File Compression 101

The following information was contributed by Christian T. Kelley-Madera — make sure to go check out his fantastic ensemble fantasy/comedy podcast, the Once and Future Nerd!

One note before we get started – file compression is not to be confused with audio compression, which is a tool for automatically making the quiet sections louder and the louder sections quieter.

What’s file compression?

File commpression discards “inessential” data in a file to make the file smaller, and therefore more portable.

Imagine a big sheet of paper with a beautiful, high quality drawing on it. As it is, you’re seeing the drawing in all its glory, but it’s big and bulky and hard to get around. You could probably roll it up into one of those cardboard tubes to make it a little easier to get around without damaging the drawing, but you’ll have to be careful how you roll and unroll it, and it will still be kinda big. You could also fold it up a bunch of times or crumple it into a ball, which will make it much easier to carry around but you will also definitely damage the drawing, and not be able to get that stuff back when you un-crumple it.

“Lossless” compression is like the cardboard tube. Files will be smaller than when you recorded them, but still pretty big. You won’t lose any data. Common lossless codecs are FLAC (free lossless audio codec) and ALAC (Apple lossless audio codec). Not all devices can easily play these file types.

“Lossy” compression is like folding it up. It’s easy to get around, but you’ll undeniably lose some quality. MP3 is the most common lossy compression codec. It makes very small files and basically any device that can connect to the internet these days can play them back. And the good news is – the engineers who designed MP3 were very clever about which bits of data they discarded. Most untrained ears can’t hear what is lost. But if you were to go compress the compressed version again, things could start to get gnarly.

If we go back to our drawing analogy, say you wanted your friend to enjoy the drawing. (Also, for the sake of this metaphor, let’s just assume scanners and camera phones don’t exist.) You might keep the original drawing yourself, stored somewhere safe. Then, you might make a photocopy for your friend, and fold up that photocopy to mail to them. Then if another friend asked to see it, you’d go back to the original and copy that again.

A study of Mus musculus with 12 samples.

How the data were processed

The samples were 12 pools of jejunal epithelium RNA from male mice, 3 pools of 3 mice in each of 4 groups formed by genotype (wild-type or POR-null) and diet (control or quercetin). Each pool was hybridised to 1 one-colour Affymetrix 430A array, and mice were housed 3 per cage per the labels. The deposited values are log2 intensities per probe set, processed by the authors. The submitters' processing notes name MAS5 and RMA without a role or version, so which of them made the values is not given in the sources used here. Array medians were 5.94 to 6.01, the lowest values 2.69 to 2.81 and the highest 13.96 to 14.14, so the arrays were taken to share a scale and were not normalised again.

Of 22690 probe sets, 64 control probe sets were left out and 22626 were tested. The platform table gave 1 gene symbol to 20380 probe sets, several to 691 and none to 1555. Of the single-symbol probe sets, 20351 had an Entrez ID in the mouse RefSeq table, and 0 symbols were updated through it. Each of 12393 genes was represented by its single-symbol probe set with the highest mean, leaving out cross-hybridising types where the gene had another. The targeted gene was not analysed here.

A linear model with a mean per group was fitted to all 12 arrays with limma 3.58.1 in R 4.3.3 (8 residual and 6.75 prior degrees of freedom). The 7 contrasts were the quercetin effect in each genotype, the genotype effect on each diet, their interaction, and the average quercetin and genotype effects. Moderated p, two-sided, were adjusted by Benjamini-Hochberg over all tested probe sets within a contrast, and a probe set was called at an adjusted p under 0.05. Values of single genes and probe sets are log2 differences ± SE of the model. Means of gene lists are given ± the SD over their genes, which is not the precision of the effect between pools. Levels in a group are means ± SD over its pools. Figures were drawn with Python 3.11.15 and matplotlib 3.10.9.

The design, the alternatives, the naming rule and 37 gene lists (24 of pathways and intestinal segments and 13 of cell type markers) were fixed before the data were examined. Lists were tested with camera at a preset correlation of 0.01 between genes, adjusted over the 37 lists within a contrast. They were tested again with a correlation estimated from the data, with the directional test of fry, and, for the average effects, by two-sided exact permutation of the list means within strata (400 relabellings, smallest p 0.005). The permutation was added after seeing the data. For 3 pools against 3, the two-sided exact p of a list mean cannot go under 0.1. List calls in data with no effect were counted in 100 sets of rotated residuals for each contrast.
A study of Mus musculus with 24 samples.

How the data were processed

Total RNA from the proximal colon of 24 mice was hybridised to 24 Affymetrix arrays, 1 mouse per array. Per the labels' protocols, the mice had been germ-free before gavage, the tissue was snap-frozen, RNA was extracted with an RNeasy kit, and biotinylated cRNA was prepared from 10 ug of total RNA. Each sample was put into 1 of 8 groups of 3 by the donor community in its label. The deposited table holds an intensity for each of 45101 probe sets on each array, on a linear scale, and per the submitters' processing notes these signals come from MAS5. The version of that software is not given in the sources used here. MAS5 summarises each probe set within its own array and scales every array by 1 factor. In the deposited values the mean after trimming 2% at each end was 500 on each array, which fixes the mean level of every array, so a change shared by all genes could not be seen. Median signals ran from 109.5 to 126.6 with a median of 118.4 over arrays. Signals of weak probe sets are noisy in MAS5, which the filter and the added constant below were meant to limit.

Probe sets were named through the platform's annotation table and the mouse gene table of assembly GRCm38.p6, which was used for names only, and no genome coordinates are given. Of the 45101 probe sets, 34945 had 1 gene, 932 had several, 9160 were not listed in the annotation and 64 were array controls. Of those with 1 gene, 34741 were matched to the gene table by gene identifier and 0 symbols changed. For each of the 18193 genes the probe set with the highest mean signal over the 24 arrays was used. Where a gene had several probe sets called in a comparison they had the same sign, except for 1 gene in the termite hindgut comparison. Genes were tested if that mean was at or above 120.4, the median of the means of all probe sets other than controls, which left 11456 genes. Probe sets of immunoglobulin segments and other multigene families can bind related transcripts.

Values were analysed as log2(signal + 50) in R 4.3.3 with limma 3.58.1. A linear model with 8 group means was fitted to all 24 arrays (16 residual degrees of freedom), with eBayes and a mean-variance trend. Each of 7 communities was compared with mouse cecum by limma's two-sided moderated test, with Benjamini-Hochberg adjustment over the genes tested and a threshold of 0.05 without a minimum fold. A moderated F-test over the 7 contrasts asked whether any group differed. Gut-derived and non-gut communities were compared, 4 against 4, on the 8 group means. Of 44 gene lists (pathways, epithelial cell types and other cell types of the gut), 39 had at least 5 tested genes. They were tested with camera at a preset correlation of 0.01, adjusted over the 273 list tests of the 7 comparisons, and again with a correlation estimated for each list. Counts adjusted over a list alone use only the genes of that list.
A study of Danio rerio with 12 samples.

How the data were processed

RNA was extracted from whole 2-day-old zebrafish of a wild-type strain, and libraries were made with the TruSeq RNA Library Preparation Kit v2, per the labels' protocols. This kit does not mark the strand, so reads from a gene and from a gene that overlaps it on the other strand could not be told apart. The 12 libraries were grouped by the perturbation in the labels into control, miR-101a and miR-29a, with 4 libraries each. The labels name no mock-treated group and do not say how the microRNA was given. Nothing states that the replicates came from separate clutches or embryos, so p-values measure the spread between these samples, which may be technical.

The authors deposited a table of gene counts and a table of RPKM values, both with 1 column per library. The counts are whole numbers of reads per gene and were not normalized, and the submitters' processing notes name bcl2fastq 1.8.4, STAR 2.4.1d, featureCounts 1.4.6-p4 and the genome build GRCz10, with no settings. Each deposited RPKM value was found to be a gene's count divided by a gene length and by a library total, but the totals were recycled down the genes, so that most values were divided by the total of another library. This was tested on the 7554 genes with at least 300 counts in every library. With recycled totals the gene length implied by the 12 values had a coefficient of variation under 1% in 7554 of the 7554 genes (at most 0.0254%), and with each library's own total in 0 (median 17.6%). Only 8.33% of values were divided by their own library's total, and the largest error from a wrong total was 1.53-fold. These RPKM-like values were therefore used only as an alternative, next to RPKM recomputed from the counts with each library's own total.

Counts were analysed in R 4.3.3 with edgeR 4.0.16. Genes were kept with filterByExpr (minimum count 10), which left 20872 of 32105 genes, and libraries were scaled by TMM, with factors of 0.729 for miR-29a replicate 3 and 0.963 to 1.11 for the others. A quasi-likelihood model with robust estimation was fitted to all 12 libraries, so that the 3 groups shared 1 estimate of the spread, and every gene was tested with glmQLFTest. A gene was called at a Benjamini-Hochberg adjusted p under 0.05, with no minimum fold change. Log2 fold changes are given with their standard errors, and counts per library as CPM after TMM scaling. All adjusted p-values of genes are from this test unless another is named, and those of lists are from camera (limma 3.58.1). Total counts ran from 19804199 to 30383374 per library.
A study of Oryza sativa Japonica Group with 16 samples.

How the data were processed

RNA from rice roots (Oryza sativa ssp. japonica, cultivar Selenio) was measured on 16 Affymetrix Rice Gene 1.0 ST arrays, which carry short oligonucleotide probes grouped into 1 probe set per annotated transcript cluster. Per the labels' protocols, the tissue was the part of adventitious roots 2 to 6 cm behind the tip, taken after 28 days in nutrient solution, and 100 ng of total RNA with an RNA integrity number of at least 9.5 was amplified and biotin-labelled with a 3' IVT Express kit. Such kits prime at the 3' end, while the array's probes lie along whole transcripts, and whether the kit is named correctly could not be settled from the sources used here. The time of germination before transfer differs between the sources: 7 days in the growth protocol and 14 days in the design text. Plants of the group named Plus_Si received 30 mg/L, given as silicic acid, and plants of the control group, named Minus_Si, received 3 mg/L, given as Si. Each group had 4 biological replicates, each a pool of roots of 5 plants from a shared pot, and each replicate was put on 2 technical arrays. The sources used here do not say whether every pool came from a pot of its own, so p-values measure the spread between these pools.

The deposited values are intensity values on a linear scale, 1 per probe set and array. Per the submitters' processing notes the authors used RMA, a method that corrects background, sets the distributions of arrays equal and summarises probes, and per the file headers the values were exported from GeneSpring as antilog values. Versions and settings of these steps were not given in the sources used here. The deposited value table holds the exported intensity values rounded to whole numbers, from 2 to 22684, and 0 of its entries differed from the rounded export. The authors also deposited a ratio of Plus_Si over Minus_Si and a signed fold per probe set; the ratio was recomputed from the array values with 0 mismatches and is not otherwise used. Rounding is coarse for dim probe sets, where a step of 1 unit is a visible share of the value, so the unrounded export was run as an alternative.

Likewise, with audio, it’s smart to keep a lossless or ideally uncompressed “master” file for anything you release. Then for every different representation you have to make, you can make compressed copies of that master. (Common uncompressed audio file types are WAV and AIF.) For example, you might keep a WAV of your final stereo mix somewhere safe. Then you might compress the WAV to MP3 for your regular podcast feed, and you might also compress the WAV to ALAC as a high-quality version for your Patreon subscribers or similar.

OK. That’s all well and good. But…what buttons should I click? I’ll spare you the nitty gritty of what all the following numbers mean – that’s probably a subject for another post. But if you just need to know what settings to choose for now, I recommend:

Record at 44.1 kHz/24bit .WAV or .AIF. (If your microphone or audio interface can’t do 24bit, 16bit will be good enough for now.) There’s some argument to be made for recording at 48 kHz/24 bit, but there’s not really a good reason to go much higher than that – you’ll just have huge files with little benefit to sound quality.*

Then for your podcast feed: compress to a 44.1 kHz / 160 kbps stereo MP3. (If you’re just doing talk radio, you can save additional space and download time by doing a 128 kpbs mono file.)

*One caveat here – if you know you’re going to be doing heavy FX work on a particular piece of audio, especially messing with speed and/or pitch – then it might be worth it to record at 96 kHz if your hardware allows it. But if not, don’t stress.

But wait, I’m confused. 44.1/160 looks higher than 44.1/24. You made it sound like the second number should be smaller. Okay, I didn’t want to do any math here, but you’ve forced my hand. 160 kbps stands for kilobits per second. Whereas 24 bits actually means 24 bits per sample. And the samples happen 44,100 times per second (hence kHz). So 44.1 kHz/24 bit – without compression – would math out to something like 1,058 kbps. Almost ten times as much data as 160 kbps. (This has been the entirety of what I remember from AP Physics.)